Why You're Sleeping With Your Smartphone

Why do we keep responding to the beep and buzz of our phones? Because we're addicted to success, explains Harvard Business School prof Leslie Perlow.

Leslie Perlow is a Harvard Business School professor and the author of Sleeping with Your Smartphone. We talked with her not long ago about why people can't let themselves step away from their work--and how to build an incentive structure that encourages people to step away. In honor of #Unplug week, here's an edited selection of that conversation.

"I'm a workaholic, I thrive from this"

When I tell people they have to turn off, a lot of people say, "I don't want to. I don't know to, I'm a workaholic, I thrive from this, I make these choices, I'm at this stage in my life," and you get all this value for working all the time: They send you all of these positive signals, people also find it rewarding, you carry your phone around, it beeps. The more you respond, the more people email you, and so there's very positive reinforcement.

So you positively reinforce people to the other form of behavior, which is turning off. You slap their hand when they respond, and you say, "I'm going to value you for turning off." In the morning, you ask "Did you turn off?" And if you say "yes," they say "good job."

The people who were workaholics, they worried: "uh-oh, what's going to happen?" Person after person, they find out they actually like the time off. That's what led me to realize that so many people aren't workaholics--it's that we thrive on the positive reinforcement. And its whatever's the definition of success, and whatever we're getting all those pats on the back for, that actually is motivating the behavior. It's not that they are so deeply into their work.

"It's very hard to make the case that we should work less."

What we want do ultimately, is begin to change the value system so (that) we value people for working in these alternative ways. But it's very hard to make the case that we should work less. It's very hard even if the organization sees the results, it's still a very complicated shift to make and to play out.

So what I have found is that when you try and tackle this head on, people get scared, people go back. But if you take it one step at a time, it can have a profound impact in a way that people can increasingly buy in, rather than feeling overwhelmed.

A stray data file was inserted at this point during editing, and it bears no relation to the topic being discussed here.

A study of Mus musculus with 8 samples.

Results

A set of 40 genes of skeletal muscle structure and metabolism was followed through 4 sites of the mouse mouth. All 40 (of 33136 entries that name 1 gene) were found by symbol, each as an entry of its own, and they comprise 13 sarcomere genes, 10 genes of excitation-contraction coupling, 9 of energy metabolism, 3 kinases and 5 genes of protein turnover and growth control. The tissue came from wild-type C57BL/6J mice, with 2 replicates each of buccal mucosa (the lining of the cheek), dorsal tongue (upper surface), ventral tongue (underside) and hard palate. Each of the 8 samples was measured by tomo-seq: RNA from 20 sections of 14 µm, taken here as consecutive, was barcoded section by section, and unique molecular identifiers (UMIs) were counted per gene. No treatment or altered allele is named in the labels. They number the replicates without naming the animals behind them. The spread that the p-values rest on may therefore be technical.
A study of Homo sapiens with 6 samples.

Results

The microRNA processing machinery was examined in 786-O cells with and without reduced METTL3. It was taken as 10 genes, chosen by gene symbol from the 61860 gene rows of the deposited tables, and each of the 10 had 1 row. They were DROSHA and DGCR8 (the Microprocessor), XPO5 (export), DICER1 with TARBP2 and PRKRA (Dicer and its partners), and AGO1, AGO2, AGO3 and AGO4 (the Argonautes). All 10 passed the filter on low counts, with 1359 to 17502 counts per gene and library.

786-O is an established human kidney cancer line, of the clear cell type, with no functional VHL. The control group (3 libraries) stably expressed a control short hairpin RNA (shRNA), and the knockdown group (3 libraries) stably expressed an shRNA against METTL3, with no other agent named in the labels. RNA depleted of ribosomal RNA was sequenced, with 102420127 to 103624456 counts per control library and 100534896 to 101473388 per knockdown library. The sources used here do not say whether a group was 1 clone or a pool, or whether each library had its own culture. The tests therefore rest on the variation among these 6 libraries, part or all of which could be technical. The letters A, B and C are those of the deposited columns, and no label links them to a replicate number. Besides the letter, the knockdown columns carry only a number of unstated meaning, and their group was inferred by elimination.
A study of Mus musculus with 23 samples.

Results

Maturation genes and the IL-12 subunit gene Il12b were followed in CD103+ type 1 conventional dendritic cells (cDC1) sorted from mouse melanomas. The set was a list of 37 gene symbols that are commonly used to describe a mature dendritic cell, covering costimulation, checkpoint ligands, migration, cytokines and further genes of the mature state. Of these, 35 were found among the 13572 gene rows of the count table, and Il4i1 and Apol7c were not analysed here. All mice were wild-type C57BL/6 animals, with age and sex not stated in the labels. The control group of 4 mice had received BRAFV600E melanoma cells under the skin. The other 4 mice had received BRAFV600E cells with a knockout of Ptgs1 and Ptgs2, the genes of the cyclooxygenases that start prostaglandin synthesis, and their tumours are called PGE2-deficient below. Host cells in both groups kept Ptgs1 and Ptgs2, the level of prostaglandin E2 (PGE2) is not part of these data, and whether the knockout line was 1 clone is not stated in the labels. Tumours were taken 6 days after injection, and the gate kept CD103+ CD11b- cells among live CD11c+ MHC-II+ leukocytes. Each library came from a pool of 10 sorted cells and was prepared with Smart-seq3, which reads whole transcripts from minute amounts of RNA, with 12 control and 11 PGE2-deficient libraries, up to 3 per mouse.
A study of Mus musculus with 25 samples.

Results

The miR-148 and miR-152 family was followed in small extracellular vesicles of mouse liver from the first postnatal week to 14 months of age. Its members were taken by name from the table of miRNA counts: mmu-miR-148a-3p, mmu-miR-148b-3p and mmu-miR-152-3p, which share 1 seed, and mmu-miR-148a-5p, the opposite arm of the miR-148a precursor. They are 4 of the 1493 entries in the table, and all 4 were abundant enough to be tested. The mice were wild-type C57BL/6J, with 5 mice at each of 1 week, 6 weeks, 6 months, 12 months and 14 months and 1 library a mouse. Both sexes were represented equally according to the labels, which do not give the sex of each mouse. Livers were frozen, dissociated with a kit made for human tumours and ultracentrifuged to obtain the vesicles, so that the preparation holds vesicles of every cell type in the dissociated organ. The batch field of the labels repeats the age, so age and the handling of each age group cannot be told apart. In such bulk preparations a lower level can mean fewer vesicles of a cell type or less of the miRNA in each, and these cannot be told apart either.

"An issue that resonates with everybody"

It's incredibly important that it be an issue that resonates with everybody within a small, selective team. It doesn't have to be the number one issue for everyone, but it has to be something that troubles everyone.

At [the Boston Consulting Group, her case study for Sleeping], unpredictability is a huge problem. Everyone junior, senior, and married into [the company] will tell you it's unpredictable. And at this (pharmaceutical) organization I'm at today, everyone will tell you they have way too many meetings. And as a result they have to stay late, come in early, work weekends, and make up for time so they can actually get the work they need to get done done.

"It has to be concrete and measurable"

Once you find (an issue) like that, it's important that everybody shares that same goal. If unpredictability's a problem, that doesn't mean that everyone has the same ideal that they're going to have the night off. In a lot of organizations, every person has their own goal--it's important everyone has exactly the same goal with no modification.

It's also important that everyone understands that it's shared, you don't succeed just because I got my night off, because I want the team to be working together to be rethinking how they work as a team.

The final thing is that it has to be concrete and measurable, so it's clear you did it or you didn't do it. You can measure it and you can reflect on it--so that way there's ongoing learning and thinking of the way that work is done.

"This is about you, this about your team"

My whole dream is to inspire team leaders to realize this incredible power to address an issue that is I think currently is either self help--to try and fix you, which doesn't really work, because we're embedded in a system so there's only so much you can do--or we go to the other extreme, 'well this a huge problem, an organizational problem, societal problem, and that's not something I as a middle manager can do very easily.'

What I want, going forward with this research, is for people to realize that there's an incredible amount that they can do in small steps to empower people to realize that this is about you, this about your team, and this is really, most importantly, about the bottom line.